The battle over a proposed sale of American evangelism’s ‘Missions Pentagon’ raises questions of missionary strategy and nonprofit accountability. What responsibility do ministries have to their founder’s vision—and to those who sacrificed to fund it?
You know how movies sometimes plant seemingly irrelevant objects or ideas in an early scene, only to later whip them out to play a central role during the climax? That’s called foreshadowing, and certain films, such as the James Bond movies, employ that plot device in subtle and effective ways. Not so in The 15:17 to Paris, a biographical thriller produced and directed by Clint Eastwood about the 2015 Thalys train attack in Europe. The first 80 minutes of the 94-minute movie is scene after scene of blatant foreshadowing, culminating in an action shot that’s over in two minutes.
The whole movie builds up to that portentous day on Aug. 21, 2015, when three young American friends—Spencer Stone, Alek Skarlatos, and Anthony Sadler— boarded a high-speed Thalys train from Amsterdam to Paris. They had just pulled an all-nighter at the nightclubs as part of a summer backpacking trip through Europe, and they were still slightly hung over when they tackled and overpowered a Moroccan-born terrorist who had planned an attack on the train with an AK-47 assault rifle and other murderous weapons. The three Americans’ act of courage earned them the Legion of Honor from the French President François Hollande, words of praise from other world leaders, and private phone calls from President Barack Obama.
Like American Sniper, the film is a feel-good, all-American story about ordinary folks choosing public service over self-preservation in the face of danger. But unlike American Sniper, which grossed $547 million worldwide, Eastwood makes a bold gamble to star the three real-life heroes to play themselves in The 15:17 to Paris. None have acting chops—they’re childhood friends from a private Christian school in Sacramento, Calif., with not even a school play in their resumés. Two of them were U.S. service members: Stone was an Air Force member, and Skarlatos a National Guard soldier. Sadler was a college student when the incident happened.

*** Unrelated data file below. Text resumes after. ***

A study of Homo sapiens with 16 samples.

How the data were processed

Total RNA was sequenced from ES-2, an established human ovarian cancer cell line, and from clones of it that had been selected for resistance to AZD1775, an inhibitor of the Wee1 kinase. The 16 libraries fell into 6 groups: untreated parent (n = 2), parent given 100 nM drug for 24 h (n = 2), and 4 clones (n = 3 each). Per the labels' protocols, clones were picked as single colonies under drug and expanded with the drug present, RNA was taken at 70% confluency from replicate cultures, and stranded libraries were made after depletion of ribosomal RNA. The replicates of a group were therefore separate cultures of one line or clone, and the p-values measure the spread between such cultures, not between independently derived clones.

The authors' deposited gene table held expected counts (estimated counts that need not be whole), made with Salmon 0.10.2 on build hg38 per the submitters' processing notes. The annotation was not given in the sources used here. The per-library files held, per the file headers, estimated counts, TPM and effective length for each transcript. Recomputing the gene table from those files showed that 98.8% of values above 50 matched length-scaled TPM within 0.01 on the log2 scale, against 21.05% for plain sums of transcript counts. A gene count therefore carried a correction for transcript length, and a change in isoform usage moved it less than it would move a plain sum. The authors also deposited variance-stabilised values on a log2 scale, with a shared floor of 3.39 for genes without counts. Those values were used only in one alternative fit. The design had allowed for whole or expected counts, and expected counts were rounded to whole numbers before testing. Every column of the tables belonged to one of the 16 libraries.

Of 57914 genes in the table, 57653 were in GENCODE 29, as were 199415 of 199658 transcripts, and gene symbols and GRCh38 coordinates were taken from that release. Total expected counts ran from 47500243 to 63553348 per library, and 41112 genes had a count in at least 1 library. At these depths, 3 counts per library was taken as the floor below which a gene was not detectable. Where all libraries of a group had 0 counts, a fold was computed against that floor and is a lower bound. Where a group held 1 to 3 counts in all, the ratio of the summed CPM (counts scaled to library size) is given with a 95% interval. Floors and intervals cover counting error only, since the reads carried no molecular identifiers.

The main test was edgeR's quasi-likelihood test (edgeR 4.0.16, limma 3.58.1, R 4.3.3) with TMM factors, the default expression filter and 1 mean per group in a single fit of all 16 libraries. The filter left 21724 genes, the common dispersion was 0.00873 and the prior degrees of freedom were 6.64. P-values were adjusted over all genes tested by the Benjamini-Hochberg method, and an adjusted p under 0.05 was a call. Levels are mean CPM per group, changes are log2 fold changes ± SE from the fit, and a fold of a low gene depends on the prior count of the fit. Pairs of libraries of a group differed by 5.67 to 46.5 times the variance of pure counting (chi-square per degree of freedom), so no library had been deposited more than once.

When they asked Eastwood if they should take acting lessons, Eastwood said no, because then they’d be acting: “I just want you to go out there and be natural and do it how it happened.” A man who got shot in the neck and an English businessman who helped subdue the attacker also played themselves.
The movie’s biggest selling point is its calculated lack of Hollywood bells and whistles, its commitment to showing the story exactly how it happened instead of embellishing scenes with fictional love triangles and fancy footwork. Unfortunately, what really happened could have been told in less than 20 minutes.
Instead, the movie drags on for too long with too much unnecessary dialogue, backstory, and aforementioned foreshadowing: The three young boys bond over BB gun fights and military history during grade school ... Stone practices jujitsu and Skarlatos learns firearms ... Stone wonders aloud if life is just pushing them toward some greater purpose. It feels like the three main characters are telling a minute-by-minute recount of what happened, which is fine at a dinner party, but not so much in a Clint Eastwood movie.
But I might be wrong. Maybe there’s an audience who will appreciate the movie’s simple, down-to-earth vibe. At a time when everybody’s favorite pastime seems to be bashing America, it’s nice to watch a sincere, nonsnarky movie that reminds its audience why we can be proud to be Americans, without leaning too far right into jingoism.
We still feel that twinge of old-fashioned patriotism when we see our fellow citizens receive the highest French honor for military and civil merits in front of world leaders for saving the lives of more than 500 people. That’s pretty cool. And it’s even cooler that this all apparently happened the way the movie shows it.